ENGLEWOOD, Colo. -- Eric Smith sure knew how to grab the attention of the Broncos' rookies.

As the "Financial Literacy Coach" began his speech on Wednesday about how to succeed in the financial world, he brought players to the front of the room to answer questions in front of their peers.

Smith, a former lender and banking executive from Atlanta, called on the rookies to answer true-false questions that ranged from mutual fund myths to facts about how often players get paid during the season. And the Broncos certainly paid attention.

"It's a big deal," rookie fullback Andy Janovich said. "A lot of guys live outside their means when they get to the NFL because they're making all this money, but that doesn't last forever."

During the hour-long talk that tried to help players learn to navigate the difficult financial situation in which they find themselves, Smith constantly involved the players to keep the difficult material fresh and interesting.

When he talked about compounding interest, he had two players guess how much $50,000 of savings would appreciate over the course of 50 years. Neither player was close to the $1.3 million answer. But the message was clear: If a player is responsible with savings and investment, he should have plenty of funds to support his family over the coming years.

He also asked players what they planned to buy with their money and then talked to them about how to make a responsible purchase. Some wanted to buy cars or clothes, while at least one player wanted a 70-ounce steak. When Smith asked them about long-term goals, rookie QB Paxton Lynch said he wanted to make sure his future kids have money.

Unfortunately, that doesn't always happen, Smith said.

"Did I do anything wrong?" Smith said. "No, I just overspent."

That's where the S.M.A.R.T. program comes in. Smith focused on the following topics which he said were key to avoiding financial distress: Save, make a budget, avoid debt, resist overspending, think of others. To do so, Smith suggested a player implement the 50-40-10 ratio for spending.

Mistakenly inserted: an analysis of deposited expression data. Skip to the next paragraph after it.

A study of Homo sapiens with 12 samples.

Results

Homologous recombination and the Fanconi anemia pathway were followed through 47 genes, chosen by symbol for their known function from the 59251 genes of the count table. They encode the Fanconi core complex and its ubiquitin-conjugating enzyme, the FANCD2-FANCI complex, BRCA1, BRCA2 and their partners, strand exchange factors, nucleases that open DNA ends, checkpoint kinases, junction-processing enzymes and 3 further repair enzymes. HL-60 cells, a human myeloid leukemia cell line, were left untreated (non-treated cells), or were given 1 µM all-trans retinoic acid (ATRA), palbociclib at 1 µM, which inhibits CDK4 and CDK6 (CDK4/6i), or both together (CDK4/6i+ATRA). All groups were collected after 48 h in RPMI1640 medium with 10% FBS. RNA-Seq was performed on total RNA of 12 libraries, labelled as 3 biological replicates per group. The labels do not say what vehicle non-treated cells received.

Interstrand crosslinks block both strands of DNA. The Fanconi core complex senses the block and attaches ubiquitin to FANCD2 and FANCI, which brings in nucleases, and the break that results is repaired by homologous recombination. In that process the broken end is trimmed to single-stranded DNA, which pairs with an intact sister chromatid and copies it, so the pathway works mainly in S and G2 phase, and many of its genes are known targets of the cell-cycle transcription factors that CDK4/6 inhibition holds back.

In this plan, a player spends 50 percent of their income, saves 40 percent and gives 10 percent to family, friends, the community, etc. If they do this, they'll be in good shape.

The message certainly seemed to make an impact.

"Actually it's probably the first meeting we've had that I wanted it to last a lot longer," Janovich said. "It was just a lot of useful information. I got a lot of notes down that I'm actually gonna look up to see more of the what guy had to say. So I'm pretty excited about that."

Here are a few more tips from Smith:

  • All professional athletes should get an umbrella insurance policy to protect themselves in situations (ie. car accidents) that could leave them open to lawsuits or penalties.
  • Every player should open two separate banks accounts: one for game checks, and a smaller one where they keep their spending money. Then, they should only carry a debit card for the smaller account. That way, if someone gains access to the debit card, their other account will remain protected.
  • Within the next few years, everyone should hire a CPA, draft a will and, if they have a child, purchase a life insurance policy.
  • Smith warned about the dangers of investing in night clubs, inventions and restaurants.
  • Smith also advised the players to keep six months of living expenses available – either in cash or in a savings account – but to invest other savings in index funds.